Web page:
Saturday May 19th 2018 was a momentous day for followers of the British Royal Family, as Prince Harry married Ms Meghan Markle and the pair became the Duke and Duchess of Sussex. Meanwhile, I went to York, figuring that a lot of people not interested in watching the Royal Wedding were likely to be watching the FA Cup Final, thereby leaving the city’s museums free for me to explore in peace. I was mostly right, and ended up at the National Railway Museum just before the start of a tour of the Royal Carriages Collection. I’d taken the tour earlier in the year, and thoroughly enjoyed it, so it seemed fully in keeping with the date to go on it again, hopefully picking up new information, and taking some additional photos, to share with you all.
The oldest and smallest carriage in the collection is that built for Queen Adelaide, the widow of King William IV, in around 1842. From its shape, it is quite evidently sections of three stagecoaches bolted together and converted to run on rails; however, it is very elegantly upholstered in silver-grey silks, and painted on the outside in Royal livery with the Queen’s crest on the main doors. The seating at one end can be converted into a bed, with the sleeper’s feet protruding into a box at the front of the carriage. Also at the front is a step and a seat to enable a footman to sit on the roof throughout royal journeys. No evidence was provided as to the footman’s opinion on all the soot and smoke he was exposed to, but we were informed that at least one lady-in-waiting suffered badly from motion sickness due to the carriage’s lack of effective suspension.
Between Queen Adelaide’s carriage and the smart 1882 engine, Gladstone, which might well have pulled a royal train at some point in its career, is the much larger carriage that transported Queen Victoria on many journeys during her long reign, most often those between London and Scotland following Prince Albert’s death in 1861. Queen Victoria’s Saloon began life as two standard carriages, but was converted into a double-length single carriage after five years of service, because the Queen disliked walking from one vehicle to the other while the train was moving. The saloon is designed to resemble a royal palace in miniature, with separate areas for the Queen, her ladies-in-waiting (summoned by a hand-bell – later upgraded to an electric version) and John Brown. The saloon was also equipped with one of the very first flushing toilets to be installed in a railway carriage, although the Queen is said to have never used it: preferring to stop at the nearest station and use the facilities there.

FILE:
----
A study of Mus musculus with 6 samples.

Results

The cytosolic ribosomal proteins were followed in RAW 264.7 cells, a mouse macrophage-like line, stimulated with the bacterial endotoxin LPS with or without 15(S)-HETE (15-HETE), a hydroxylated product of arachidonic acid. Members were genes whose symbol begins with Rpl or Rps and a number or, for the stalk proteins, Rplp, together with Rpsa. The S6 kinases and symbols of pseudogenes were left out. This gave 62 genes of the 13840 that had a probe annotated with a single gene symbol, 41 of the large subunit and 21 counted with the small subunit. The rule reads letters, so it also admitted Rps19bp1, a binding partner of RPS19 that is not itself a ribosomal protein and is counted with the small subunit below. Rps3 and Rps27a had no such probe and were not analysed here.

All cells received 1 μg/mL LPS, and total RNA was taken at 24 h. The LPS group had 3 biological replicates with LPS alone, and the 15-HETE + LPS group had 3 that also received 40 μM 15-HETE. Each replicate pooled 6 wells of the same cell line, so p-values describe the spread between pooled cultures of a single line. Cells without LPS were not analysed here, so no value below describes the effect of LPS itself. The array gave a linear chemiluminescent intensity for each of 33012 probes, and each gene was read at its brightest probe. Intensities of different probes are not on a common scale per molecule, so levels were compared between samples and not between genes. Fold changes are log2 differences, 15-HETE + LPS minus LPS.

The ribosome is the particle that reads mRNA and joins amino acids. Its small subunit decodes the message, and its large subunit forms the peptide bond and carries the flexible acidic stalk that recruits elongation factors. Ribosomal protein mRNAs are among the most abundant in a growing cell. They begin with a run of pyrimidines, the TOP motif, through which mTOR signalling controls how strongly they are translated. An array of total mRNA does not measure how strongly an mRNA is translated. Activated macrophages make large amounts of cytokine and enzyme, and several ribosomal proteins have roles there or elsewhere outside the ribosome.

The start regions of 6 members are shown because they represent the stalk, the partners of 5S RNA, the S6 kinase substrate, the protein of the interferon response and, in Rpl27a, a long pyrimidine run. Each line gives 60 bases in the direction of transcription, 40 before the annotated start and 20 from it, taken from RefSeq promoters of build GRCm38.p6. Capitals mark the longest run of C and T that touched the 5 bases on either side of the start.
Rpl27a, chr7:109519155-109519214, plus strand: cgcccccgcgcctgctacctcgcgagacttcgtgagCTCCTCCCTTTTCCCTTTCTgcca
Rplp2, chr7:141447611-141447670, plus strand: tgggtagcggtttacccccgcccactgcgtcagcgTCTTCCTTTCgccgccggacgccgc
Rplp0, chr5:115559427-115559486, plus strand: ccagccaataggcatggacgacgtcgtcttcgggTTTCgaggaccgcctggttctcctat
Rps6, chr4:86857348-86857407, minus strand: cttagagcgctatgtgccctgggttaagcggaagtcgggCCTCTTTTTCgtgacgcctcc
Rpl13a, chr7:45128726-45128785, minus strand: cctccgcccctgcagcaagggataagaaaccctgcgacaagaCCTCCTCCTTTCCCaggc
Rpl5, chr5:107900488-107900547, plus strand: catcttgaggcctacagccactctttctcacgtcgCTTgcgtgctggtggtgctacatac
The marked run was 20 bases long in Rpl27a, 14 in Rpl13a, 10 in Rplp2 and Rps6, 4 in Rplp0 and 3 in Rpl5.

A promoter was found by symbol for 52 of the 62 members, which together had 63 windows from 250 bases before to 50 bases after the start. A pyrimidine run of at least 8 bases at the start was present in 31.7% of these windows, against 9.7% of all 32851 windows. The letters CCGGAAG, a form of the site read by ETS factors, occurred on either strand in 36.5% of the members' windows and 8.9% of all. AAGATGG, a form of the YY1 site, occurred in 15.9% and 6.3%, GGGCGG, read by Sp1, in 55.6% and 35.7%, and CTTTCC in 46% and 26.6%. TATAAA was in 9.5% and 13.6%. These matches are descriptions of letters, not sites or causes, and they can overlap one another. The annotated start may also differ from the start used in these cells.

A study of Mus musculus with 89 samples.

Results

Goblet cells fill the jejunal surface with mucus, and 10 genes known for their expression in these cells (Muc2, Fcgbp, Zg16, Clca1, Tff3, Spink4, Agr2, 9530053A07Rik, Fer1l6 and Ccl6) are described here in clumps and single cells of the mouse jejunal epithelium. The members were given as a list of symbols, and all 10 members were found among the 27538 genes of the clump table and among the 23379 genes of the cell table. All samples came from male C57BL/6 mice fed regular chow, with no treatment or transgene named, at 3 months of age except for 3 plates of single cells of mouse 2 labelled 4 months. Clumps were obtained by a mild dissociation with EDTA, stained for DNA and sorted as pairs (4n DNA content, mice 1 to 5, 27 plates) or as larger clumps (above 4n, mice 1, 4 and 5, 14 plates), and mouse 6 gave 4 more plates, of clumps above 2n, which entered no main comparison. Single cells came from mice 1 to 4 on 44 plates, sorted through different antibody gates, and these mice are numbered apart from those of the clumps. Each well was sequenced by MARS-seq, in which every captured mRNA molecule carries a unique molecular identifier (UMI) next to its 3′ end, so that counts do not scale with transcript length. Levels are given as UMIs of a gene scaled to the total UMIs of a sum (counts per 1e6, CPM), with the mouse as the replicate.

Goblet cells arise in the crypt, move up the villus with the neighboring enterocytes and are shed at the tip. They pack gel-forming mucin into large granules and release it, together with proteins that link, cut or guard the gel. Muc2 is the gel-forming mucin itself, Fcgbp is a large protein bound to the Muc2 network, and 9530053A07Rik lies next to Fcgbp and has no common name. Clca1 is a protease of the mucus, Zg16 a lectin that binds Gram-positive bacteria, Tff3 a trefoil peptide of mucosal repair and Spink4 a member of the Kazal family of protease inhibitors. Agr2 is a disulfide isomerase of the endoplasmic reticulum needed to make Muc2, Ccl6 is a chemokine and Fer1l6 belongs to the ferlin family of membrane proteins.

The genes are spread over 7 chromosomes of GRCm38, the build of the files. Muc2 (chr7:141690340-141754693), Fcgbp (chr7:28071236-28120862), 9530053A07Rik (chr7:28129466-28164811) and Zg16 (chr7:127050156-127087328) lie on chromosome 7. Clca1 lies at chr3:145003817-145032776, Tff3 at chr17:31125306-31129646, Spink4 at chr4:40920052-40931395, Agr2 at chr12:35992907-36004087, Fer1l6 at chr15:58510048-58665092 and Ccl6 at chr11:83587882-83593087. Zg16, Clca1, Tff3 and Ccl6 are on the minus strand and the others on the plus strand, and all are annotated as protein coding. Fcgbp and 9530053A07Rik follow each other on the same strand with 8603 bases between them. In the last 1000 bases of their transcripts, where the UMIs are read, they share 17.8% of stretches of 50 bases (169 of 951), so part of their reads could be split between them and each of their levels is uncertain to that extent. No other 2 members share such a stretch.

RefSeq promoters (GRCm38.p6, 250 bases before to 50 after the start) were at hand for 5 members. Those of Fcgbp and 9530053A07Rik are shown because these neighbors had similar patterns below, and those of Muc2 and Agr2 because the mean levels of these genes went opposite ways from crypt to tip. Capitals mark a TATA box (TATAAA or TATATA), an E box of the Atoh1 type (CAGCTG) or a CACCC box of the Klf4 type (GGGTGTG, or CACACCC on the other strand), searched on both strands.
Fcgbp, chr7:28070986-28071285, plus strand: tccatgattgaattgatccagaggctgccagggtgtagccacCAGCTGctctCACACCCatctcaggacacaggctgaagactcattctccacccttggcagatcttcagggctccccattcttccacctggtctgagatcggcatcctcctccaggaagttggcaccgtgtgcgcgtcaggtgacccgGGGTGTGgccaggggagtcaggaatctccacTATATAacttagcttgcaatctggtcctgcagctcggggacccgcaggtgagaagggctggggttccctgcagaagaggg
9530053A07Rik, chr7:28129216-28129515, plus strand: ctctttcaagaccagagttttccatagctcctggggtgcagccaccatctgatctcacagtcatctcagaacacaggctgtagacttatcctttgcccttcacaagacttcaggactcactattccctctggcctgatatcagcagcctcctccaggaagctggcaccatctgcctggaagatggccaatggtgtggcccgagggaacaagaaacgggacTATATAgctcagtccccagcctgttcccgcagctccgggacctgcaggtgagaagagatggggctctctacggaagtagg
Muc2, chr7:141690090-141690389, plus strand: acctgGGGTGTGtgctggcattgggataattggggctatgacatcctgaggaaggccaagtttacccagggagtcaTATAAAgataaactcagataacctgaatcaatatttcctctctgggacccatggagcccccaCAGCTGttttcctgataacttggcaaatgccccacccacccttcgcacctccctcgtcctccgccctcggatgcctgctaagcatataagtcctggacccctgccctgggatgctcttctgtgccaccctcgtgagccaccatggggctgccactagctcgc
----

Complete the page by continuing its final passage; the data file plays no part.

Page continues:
Following Queen Victoria’s death in 1901, new Royal carriages were commissioned for King Edward VII. The King’s Saloon on display was fitted out much in the style of the Royal Yacht and had a smoking room with electric lighting, an extractor fan, and an electric cigarette lighter. The carriage was used by the King’s successors, until the beginning of World War II when a new set of Royal carriages came into service.
Also on display, in front of and behind King Edward VII’s Saloon are a pair of slightly newer royal carriages: a staff carriage that was used from the 1920s to the 1970s and Queen Mary’s Saloon, which was used by King George V’s consort, and then by Queen Elizabeth, the Queen Mother, widow of King George VI; she later donated a china tea service to be displayed inside the train after it was decommissioned and put on display in the Museum.
Meanwhile, George VI also received new carriages during his reign, which subsequently passed to his successor: our current Queen, Elizabeth II. Although work on the carriages began during the late 1930s, the outbreak of war meant that adjustments had to be made, including the addition of armour plating on the outside. During the Blitz and when the Royals were moving around wartime Britain, the train would halt for the night in a tunnel to provide them with additional protection. The train continued to be used following Queen Elizabeth II’s succession to the thrown until the 1970s, when it was replaced by the current Royal Carriages, pulled by an Intercity 125. The Museum expect those carriages to be decommissioned by the next monarch, at which point they hope to have them on display.
Finally, a non-royal, but still very exciting, train was out and about round York on the 19th of May; on my way to the Museum, I encountered a group of people clustered at one end of a footbridge overlooking the main station. I joined them, and after a brief wait we were treated to a sighting of the Flying Scotsman pulling an excursion train.